United Nations World Food Programme has used cash transfers through mobile money to assist 1,500 refugees

The United Nations World Food Programme has used cash transfers through mobile money to assist 1,500 refugees who still depend on humanitarian assistance to meet their basic food and nutrition needs, as the lack of alternative livelihood opportunities is further exacerbated by the COVID-19 outbreak.

In May, WFP is initially targeting 1,500 Congolese refugees in the WFP-supported Mantapala Settlement, with the plan to gradually scale up and eventually reach the entire refugee population residing there, currently standing at about 14,300 people.

In the meantime, with COVID-19 precautionary measures in place, WFP will continue to provide food to the other refugees.

Facilitated by WFP and the Ministry of Health, awareness-raising sessions and a robust social and behaviour change communication campaign about the importance of good nutrition and a diverse diet will accompany WFP assistance.

WFP Zambia Representative, Jennifer Bitonde said Cash transfers are a form of assistance that empower refugees as it allows them to buy different types of food and choose what to consume, contributing to diversifying their diets.

Ms Bitonde said from experience elsewhere, cash assistance also helps stimulate the local markets and foster peaceful coexistence between refugees and host community, including local traders.

She said WFP’s plan is to provide each refugee with K155 (US$ 8.5) per month, enough to meet their daily food and nutrition needs, based on the market price of a standard food basket.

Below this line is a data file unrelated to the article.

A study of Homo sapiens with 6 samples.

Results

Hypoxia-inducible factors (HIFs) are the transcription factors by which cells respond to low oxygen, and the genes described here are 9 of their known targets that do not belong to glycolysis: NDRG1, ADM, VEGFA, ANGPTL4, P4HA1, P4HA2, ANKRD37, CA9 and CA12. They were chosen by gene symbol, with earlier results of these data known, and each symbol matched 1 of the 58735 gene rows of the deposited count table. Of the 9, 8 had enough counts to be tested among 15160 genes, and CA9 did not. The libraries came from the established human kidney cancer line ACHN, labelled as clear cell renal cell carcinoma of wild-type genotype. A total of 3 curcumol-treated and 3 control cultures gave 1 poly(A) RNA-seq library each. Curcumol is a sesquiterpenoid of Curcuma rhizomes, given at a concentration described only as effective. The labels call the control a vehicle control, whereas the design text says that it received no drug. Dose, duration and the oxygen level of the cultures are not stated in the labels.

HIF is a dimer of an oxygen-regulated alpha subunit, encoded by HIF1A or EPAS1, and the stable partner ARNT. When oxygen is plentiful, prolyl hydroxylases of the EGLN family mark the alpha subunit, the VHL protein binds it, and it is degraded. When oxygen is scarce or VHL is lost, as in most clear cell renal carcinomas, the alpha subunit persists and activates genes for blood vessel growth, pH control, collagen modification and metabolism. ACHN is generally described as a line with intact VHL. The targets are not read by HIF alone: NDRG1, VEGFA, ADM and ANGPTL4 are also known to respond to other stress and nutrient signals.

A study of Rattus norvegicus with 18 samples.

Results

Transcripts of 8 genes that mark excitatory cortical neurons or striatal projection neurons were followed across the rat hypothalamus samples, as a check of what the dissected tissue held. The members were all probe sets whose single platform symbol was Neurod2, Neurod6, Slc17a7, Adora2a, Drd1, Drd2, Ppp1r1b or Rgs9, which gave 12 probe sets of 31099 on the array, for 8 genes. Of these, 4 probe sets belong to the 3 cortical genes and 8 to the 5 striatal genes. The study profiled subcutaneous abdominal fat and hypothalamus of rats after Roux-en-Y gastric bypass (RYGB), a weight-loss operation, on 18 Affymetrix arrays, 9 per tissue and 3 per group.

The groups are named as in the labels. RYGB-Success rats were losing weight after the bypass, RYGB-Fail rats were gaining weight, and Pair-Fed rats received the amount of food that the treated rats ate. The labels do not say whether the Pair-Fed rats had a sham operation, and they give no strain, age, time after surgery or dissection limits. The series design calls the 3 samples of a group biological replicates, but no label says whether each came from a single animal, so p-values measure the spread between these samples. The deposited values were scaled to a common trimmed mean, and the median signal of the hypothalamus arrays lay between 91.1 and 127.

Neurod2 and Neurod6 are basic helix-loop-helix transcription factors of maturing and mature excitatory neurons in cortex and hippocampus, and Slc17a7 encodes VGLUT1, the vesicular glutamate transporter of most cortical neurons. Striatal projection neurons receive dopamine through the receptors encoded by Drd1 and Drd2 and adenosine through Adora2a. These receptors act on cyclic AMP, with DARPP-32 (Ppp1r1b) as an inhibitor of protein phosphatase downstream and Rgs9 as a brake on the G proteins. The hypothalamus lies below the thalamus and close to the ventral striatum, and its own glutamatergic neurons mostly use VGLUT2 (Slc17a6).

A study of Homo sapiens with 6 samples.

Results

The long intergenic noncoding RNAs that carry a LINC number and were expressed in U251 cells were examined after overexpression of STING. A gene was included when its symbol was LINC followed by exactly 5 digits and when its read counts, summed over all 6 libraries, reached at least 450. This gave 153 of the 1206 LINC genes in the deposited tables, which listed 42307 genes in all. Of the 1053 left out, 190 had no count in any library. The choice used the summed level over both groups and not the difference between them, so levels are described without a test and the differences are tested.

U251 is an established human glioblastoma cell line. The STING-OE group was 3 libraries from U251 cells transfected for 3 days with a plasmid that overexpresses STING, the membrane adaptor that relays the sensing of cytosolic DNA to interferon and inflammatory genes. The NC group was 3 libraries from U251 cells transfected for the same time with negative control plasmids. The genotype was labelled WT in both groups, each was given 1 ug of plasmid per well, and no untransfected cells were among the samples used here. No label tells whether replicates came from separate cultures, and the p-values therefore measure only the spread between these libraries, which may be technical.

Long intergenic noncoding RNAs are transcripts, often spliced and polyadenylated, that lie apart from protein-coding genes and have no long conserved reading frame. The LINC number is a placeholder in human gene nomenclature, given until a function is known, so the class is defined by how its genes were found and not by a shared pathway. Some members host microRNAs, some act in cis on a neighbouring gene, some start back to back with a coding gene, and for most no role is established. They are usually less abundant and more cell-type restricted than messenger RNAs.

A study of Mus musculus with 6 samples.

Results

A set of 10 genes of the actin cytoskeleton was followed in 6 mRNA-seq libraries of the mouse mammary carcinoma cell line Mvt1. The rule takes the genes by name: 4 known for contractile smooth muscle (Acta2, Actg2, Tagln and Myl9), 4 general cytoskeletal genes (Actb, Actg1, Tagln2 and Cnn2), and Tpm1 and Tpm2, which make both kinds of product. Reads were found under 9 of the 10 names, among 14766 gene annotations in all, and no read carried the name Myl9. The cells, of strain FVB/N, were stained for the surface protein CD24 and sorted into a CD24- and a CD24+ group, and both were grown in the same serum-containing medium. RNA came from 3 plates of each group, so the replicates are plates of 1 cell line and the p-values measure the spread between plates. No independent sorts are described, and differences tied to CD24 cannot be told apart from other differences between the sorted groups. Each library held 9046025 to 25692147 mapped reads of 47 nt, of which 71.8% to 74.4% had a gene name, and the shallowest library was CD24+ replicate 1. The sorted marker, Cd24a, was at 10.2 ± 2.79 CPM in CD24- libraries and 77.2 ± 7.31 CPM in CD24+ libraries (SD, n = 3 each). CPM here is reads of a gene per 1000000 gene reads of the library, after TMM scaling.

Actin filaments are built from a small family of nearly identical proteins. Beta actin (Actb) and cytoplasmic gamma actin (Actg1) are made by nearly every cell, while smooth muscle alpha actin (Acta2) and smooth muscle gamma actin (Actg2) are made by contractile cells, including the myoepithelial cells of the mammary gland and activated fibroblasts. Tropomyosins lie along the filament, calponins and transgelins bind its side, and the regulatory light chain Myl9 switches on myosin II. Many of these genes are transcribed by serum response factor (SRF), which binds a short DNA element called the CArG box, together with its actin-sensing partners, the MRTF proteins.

Ms Bitonde said due to insufficient funding, WFP is being forced to halve the cash transfer value and food entitlements for May saying the plan is to shift back to full entitlements for both food and cash as additional funding become available.

She said US$1.6 million is currently required to resume full entitlements and scale-up cash assistance from June 2020 to the end of the year.

Ms Bitonde said results from 2019 monitoring showed that when faced with food insecurity, refugees often cope by reducing the number of meals they consume or selling their productive assets, which further deteriorates their food and nutrition security.

She added that it is crucial that donors continue to support WFP’s refugee response in Zambia to ensure refugees can fully meet their daily food and nutrition needs.

Ms Bitonde stressed that while WFP is very grateful to its donors without whose generosity refugees would not survive, continued support is required as WFP’s assistance remains refugees’ main source of food.

She said 66 percent of refugee children under five are stunted and cannot afford to skip another meal.